Esther 8:8

And you, write regarding the Jews; write as is good in your eyes in the name of the king and seal it with the king's signet ring, because any writing which is written in the king's name and sealed with king's signet ring may not be revoked.


May not be revoked : Rashi: It is not seemly to revoke it and render the king's document as a forgery.

What Is the Verse Saying?_

Before we look at Rashi's comment, let us understand what the verse itself is saying.

What does the king mean when says "for that which is written in the name of the king and sealed with signet ring of the king may not be revoked."?

What does this refer to? Which statement of the king cannot be revoked?

Some think this refers to what Esther is asking for right now. She wants a new decree to nullify the previous decree thereby revoking Haman's plan to annihilate the Jews. This would mean that the king is telling Esther, write a new decree and it will be irrevocable because whatever is written by the king and sealed by the king can never be revoked.

But that can't be its meaning.

Why not?

Your Answer:

An Answer: This cannot be the meaning of these words because if it were they would be self-contradictory. For if the king's decree can never be revoked and he is assuring Esther that this new decree will never be revoked, how can he make a decree which annuls Haman's previous decree to annihilate the Jews, which was sealed with the king's signet ring?

But the correct meaning of the king's words is that he cannot grant Esther's wish to have the king revoke Haman's decree. This, she is told, cannot be done. For it was sealed with the king's signet and therefore can never be abrogated. But Achashveirosh figures out a way to satisfy Esther's request without breaking his own rule about irrevocable decrees. He will make a new decree - not nullifying the old one, but amending it. On the day the Jews were to be attacked and pilloried, the new decree declared that they may take up arms to defend themselves against their attackers. We can imagine that the fact that the king was siding with the Jews infused them much courage, while at the same time critically dampened the enemy's bloodthirsty enthusiasm.

But we must ask our classic question.

What is it? And why do you think it should be asked.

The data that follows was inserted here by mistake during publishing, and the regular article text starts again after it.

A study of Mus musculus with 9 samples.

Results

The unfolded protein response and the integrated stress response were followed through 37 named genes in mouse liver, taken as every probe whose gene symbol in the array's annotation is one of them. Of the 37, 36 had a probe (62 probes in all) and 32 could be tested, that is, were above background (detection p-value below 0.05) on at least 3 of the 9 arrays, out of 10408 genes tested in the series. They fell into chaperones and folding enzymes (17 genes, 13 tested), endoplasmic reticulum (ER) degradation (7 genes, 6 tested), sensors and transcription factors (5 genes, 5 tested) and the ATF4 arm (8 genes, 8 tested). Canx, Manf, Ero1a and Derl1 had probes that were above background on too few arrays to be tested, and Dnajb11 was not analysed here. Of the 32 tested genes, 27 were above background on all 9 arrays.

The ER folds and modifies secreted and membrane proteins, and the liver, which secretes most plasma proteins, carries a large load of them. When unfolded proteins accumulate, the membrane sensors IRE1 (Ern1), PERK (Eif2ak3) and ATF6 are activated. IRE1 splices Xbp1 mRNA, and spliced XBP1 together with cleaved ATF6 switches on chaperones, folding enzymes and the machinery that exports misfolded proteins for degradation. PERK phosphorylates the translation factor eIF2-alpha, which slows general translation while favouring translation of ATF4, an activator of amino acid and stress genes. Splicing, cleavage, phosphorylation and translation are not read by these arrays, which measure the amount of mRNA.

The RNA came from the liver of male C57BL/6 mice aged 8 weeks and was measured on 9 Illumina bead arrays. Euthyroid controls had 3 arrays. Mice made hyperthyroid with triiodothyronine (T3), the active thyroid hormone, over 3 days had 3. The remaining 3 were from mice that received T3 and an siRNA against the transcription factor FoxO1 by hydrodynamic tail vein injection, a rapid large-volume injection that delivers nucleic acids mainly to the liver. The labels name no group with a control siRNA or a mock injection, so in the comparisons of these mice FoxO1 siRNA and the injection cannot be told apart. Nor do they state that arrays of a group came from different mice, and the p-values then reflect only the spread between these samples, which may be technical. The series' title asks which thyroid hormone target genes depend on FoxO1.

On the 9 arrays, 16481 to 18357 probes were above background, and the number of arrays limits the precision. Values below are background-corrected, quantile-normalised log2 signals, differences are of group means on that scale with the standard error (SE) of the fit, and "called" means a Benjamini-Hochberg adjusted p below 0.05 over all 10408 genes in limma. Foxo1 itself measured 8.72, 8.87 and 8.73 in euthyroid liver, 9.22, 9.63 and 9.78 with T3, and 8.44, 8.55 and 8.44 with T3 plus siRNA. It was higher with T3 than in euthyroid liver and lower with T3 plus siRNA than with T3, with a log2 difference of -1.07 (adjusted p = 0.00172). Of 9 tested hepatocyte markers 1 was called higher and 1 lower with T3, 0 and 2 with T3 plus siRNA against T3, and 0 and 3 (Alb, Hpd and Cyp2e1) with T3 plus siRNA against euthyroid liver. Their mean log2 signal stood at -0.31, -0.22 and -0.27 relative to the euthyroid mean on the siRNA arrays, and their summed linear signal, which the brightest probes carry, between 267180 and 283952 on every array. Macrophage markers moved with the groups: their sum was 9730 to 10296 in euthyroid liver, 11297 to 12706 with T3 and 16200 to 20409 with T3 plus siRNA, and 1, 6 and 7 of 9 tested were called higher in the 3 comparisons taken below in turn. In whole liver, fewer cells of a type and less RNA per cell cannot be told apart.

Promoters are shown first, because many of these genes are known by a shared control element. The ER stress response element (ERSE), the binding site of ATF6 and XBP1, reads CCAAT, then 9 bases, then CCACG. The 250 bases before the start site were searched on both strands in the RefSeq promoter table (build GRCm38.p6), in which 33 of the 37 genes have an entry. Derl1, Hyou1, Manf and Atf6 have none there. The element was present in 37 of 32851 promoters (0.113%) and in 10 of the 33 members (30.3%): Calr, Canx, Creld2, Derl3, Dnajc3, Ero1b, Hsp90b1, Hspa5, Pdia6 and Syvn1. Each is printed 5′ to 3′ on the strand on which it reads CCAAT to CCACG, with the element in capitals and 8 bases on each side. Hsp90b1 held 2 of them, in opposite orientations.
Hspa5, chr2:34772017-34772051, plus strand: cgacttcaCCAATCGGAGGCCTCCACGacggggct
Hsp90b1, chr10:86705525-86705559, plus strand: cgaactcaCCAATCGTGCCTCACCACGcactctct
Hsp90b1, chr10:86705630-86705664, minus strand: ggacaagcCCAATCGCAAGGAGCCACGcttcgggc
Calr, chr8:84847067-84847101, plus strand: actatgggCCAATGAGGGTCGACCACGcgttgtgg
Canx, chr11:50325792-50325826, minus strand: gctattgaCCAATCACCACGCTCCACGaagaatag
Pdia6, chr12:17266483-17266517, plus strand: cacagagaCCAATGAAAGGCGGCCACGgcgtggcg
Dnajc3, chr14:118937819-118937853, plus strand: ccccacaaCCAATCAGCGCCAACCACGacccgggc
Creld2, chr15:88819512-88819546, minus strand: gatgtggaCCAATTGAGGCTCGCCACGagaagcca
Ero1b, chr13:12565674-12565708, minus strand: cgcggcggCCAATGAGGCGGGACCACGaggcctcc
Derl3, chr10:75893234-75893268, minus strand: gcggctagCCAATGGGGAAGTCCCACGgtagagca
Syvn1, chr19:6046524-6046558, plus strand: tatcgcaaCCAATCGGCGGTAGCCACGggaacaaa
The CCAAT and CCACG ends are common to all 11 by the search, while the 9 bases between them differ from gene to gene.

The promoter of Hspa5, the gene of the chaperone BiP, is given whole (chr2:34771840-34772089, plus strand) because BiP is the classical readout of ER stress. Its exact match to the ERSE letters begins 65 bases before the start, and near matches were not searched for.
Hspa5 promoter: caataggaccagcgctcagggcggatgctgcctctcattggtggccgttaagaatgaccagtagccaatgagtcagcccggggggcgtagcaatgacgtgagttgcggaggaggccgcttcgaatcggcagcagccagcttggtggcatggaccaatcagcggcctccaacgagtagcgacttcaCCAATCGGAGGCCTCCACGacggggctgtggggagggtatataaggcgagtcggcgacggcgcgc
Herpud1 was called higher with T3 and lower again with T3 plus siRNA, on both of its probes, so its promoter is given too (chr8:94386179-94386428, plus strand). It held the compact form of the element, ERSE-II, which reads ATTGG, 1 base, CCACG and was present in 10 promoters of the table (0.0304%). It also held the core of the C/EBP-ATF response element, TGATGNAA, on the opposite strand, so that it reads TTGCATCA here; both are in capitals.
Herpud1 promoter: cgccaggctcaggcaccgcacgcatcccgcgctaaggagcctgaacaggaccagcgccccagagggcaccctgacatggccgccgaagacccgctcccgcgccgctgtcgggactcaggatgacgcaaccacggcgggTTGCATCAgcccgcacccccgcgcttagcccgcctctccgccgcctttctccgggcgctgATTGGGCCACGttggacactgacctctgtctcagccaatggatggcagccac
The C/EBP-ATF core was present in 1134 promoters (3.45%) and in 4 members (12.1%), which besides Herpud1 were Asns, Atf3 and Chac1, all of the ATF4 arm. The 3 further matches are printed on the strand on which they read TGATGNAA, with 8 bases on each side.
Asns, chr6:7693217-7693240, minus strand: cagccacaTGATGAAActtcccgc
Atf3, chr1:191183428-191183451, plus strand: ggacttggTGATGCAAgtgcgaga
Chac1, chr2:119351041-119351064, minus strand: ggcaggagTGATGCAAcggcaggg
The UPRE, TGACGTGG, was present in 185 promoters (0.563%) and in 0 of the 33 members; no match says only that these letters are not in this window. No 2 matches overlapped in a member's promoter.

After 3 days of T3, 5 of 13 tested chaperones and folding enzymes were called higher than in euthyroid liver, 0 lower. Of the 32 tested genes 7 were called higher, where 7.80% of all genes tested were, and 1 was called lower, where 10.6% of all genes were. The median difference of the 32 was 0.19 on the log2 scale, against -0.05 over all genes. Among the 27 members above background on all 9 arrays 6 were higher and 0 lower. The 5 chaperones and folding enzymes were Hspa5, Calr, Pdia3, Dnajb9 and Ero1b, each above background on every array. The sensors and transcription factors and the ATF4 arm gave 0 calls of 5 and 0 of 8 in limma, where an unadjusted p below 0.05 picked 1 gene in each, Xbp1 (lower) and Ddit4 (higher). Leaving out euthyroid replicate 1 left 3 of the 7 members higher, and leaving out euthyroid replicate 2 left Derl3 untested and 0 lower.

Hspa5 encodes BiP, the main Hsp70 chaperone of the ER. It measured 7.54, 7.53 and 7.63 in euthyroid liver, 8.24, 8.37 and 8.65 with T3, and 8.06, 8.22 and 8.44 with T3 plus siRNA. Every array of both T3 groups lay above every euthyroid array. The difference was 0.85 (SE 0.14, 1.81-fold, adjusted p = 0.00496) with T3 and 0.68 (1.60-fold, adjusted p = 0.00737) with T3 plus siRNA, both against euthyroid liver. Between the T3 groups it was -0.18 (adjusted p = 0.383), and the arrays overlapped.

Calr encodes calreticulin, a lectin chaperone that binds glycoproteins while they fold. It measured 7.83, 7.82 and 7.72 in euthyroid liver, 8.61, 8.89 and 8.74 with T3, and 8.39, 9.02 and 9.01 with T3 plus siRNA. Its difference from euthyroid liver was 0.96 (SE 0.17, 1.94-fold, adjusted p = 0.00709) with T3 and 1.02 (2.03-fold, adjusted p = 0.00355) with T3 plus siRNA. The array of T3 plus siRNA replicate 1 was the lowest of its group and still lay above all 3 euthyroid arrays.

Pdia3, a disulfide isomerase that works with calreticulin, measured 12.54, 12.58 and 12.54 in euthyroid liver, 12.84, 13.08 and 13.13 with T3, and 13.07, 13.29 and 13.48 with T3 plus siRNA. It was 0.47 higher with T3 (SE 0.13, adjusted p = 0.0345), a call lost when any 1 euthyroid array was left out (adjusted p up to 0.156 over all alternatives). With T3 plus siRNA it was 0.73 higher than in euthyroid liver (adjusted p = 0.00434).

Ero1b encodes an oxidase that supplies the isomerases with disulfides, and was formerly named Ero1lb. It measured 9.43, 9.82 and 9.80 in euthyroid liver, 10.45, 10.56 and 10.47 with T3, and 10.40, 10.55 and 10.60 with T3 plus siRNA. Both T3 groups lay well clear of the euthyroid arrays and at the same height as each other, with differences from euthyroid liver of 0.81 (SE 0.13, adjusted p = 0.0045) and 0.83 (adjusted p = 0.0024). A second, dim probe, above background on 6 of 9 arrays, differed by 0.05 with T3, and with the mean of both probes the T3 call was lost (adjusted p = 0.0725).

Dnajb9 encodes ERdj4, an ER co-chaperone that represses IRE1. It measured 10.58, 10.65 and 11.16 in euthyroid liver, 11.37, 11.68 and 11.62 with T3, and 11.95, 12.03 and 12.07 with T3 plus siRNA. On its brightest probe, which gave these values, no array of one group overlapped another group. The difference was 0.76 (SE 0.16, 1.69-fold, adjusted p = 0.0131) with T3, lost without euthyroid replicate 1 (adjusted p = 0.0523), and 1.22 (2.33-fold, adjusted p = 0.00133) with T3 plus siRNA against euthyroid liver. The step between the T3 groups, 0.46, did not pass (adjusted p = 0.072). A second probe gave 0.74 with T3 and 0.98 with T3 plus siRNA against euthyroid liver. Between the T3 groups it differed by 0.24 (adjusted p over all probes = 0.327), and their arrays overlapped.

Your Answer

Questioning Rashi

A Question: What has Rashi's comment added to our knowledge? Doesn't he say what the verse says only in different words?

Can you see what he adds and why he does so?

Your Answer:

What's Bothering Rashi?

An Answer: How can the King say that a decree cannot be revoked? He's the king and his fiefdom is not a democracy. It is a monarchy - and an autocratic one at that. So just as he could say "off with her head" and "off with his head" without resorting to judge or jury, so too could he cancel any of his decrees that he chooses to.

So the verse cannot be taken to mean "it cannot be revoked."

How does Rashi's comment deal with this?

Your Answer:

Understanding Rashi

An Answer: Rashi adds the words "it is not seemly" . It is not impossible to revoke the decree, but it will not look nice if I revoke my own decree, especially if I do so within such a short period time. Achashveirosh wasn't forced to let the old decree remain on the law books, he choose to do so on his own.

It is interesting to think why he didn't want to revoke it, he is the king after all.

I think we can understand his actions when we consider Achashveirosh's personality and his hang-ups. He was a capricious, fickle and indecisive individual. As was said 'He could kill his wife because friend said to and he could kill his friend because his wife said to.' He was unpredictable. As with many people who have a weakness, they are likely to over react and go to the other extreme just to prove that they are "not like that." So too, Achashveirosh, knew his own weakness and overcompensated for it. This found expression in his not wanting to revoke his previous decree, which, if he did, might be interpreted by people as a weakness of character.

A Deeper Look

We must take cognizance of the profound message that the Megillah has portrayed here. Let us briefly review what has happened. Haman persuaded the king to declare all out war against the Jews. Esther asked the king to revoke this decree. He refused, but he allowed the Jews to defend themselves" to avenge themselves of their enemies."

Imagine for a moment, if the king had revoked his earlier decree, the one ordering the annihilation of the Jews. If he revoked it, then the Jews would not have been given the opportunity to take avenge their enemies. Peace would have been purchased at the cost of security. Everything would have reverted to square one. There would be no slaughter of the Jews but like wise there would be no defense and counterattack against the enemies, for there would be no need to defeat a warring enemy. These enemies would continue to be enemies in their hearts just waiting for the day when they could openly attack their Jewish neighbors. Only the king's refusal to annul his first decree made it possible for the Jews to have their magnificent victory over all their avowed enemies.

This is an excellent example of the "V'nehaphechu" theme which runs through the length of the Megillah like a crimson thread. The enemies' preparations for war which presaged a thorough annihilation of the Jewish nation, was the essential element that enabled the Jews to wipe out their enemies once and for all. It became the basis for the victory celebration which is commemorated for eternity on Purim.

Purim Somayach
Avigdor Bonchek

"What's Bothering Rashi?" is produced by the Institute for the Study of Rashi and Early Commentaries. The five volume set of "What's Bothering Rashi?" is available at all Judaica bookstores.